Divorce in Wisconsin

Badger State has only one reason for divorce: marriage ‘irretrievably broken’


The state of Wisconsin has strong language about marriage and divorce; from part 765 of its statues:

It is the intent of chs. 765 to 768 to promote the stability and best interests of marriage and the family. It is the intent of the legislature to recognize the valuable contributions of both spouses during the marriage and at termination of the marriage by dissolution or death. Marriage is the institution that is the foundation of the family and of society. Its stability is basic to morality and civilization, and of vital interest to society and the state. . . . The impairment or dissolution of the marriage relation generally results in injury to the public wholly apart from the effect upon the parties immediately concerned.

Completely no-fault

That being said, according to the state bar, “The only basis for divorce in Wisconsin is that the marriage is ‘irretrievably broken.’  This means the husband and wife can find no way to work out their differences. A judge usually will find a marriage irretrievably broken even if only one spouse wants a divorce.” In other words, the Badgers run what is known as a “complete no-fault state.”

Something else Wisconsin is apparently serious about is pro se divorce. Yes, like every other state in the union, Wisconsin allows you to represent yourself without benefit of an attorney. However, according to the Wisconsin Court System Self-Help Family Web Site, in response to the following questions:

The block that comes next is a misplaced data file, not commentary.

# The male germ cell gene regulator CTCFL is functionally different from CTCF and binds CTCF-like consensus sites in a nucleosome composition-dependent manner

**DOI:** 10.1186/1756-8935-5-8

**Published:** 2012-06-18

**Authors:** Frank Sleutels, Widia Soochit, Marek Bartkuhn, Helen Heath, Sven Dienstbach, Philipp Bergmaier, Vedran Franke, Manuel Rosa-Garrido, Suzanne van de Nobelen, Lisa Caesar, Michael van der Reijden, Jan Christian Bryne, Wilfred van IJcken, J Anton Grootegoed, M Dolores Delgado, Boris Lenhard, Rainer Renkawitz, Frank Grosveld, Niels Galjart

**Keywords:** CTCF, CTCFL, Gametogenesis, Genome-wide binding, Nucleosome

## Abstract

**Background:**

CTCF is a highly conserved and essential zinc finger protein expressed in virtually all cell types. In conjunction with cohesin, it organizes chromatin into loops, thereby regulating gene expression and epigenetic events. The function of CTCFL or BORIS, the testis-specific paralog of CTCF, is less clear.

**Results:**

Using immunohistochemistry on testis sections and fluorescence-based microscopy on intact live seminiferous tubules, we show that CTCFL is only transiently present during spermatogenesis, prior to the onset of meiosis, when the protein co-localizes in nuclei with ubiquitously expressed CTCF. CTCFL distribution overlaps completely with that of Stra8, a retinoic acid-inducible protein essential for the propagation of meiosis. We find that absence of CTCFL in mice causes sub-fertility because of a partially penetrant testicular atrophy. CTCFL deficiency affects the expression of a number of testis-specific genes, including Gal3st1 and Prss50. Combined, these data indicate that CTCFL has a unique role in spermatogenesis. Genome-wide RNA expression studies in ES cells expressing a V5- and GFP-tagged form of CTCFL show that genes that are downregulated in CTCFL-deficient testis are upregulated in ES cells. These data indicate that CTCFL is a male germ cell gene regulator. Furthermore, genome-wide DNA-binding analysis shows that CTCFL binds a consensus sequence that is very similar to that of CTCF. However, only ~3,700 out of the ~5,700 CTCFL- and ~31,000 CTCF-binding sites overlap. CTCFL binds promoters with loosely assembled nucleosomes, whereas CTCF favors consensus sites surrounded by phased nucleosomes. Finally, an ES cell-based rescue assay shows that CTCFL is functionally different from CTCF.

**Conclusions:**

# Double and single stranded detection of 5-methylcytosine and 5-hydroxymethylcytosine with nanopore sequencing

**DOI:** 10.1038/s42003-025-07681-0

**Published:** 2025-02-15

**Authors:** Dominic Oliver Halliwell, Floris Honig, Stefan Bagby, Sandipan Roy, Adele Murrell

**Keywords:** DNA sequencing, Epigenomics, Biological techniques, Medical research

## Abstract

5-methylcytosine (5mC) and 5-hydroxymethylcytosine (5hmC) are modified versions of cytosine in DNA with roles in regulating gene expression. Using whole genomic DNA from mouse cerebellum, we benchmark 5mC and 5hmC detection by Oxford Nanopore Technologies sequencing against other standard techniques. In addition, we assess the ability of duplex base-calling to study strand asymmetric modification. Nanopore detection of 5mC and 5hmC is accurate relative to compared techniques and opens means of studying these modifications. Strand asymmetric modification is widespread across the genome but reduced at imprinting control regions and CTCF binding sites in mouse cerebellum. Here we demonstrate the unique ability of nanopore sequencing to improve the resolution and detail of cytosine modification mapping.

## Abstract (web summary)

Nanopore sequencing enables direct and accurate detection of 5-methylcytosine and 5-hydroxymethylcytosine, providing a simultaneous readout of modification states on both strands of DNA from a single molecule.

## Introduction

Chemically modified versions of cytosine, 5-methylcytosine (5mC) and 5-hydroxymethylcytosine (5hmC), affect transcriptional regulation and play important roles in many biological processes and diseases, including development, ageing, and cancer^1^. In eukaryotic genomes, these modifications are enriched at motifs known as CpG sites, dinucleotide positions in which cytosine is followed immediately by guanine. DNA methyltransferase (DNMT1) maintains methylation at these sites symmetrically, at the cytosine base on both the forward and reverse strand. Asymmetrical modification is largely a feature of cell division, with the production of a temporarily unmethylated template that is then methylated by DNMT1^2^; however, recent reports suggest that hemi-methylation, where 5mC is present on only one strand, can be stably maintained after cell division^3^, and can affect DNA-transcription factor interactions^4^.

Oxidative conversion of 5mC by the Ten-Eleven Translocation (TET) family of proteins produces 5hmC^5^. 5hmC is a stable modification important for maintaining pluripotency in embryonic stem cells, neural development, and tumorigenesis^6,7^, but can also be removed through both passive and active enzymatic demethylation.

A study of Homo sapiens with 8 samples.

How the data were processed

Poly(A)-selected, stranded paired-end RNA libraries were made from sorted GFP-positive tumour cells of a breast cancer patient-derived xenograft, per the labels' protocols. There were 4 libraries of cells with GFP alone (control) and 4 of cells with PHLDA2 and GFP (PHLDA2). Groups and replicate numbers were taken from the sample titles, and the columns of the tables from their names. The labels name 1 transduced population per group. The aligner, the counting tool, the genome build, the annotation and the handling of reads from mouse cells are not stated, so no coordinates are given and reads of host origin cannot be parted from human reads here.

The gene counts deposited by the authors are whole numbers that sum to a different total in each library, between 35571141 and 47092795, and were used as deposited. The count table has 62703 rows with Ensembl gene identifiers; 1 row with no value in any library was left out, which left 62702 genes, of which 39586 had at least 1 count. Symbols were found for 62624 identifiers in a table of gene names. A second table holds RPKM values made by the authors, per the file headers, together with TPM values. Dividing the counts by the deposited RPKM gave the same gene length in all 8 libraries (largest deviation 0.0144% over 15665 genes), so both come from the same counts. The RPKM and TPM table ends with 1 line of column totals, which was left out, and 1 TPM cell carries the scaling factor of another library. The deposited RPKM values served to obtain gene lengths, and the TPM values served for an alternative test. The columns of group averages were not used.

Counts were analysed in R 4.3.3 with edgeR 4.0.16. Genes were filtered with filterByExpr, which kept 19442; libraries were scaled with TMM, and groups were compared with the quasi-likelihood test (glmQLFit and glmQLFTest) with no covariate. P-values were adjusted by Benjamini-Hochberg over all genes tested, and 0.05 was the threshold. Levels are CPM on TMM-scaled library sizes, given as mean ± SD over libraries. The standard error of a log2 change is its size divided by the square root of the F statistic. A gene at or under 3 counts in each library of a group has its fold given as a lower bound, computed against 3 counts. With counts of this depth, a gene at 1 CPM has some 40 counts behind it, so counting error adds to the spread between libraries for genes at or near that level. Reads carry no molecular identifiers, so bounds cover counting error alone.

Can I represent myself? Should I? What are my responsibilities? How should I prepare for court? How can court staff help me?

. . .the site provides this link, which reveals:

Most people come to court because something is affecting their lives, maybe in stressful and emotional ways. Learning the law and court processes can also be difficult and stressful. In fact, sometimes when people act as their own lawyer in complicated cases, they later need to hire a lawyer to “fix” mistakes. Hiring a lawyer after-the-fact could cost more than using a lawyer from the start.

However, many people, for a number of reasons, think about representing themselves in court. There are some questions you should consider before you begin your case without using a lawyer.

Consider questions carefully

That passage is followed by a list of 10 specific, tough questions, each with detailed remarks. In short, experts recommend that at the very least, the petitioner (the one who files for divorce) should have an attorney even for an uncontested proceeding in which both parties agree. Doing so will ensure the agreement is legal and the decree enforceable. Of course, in a contested divorce involving children, significant assets, or both, each party should be represented.

Note: Also see “Getting a divorce in Milwaukee” for information on domestic violence and more online resources.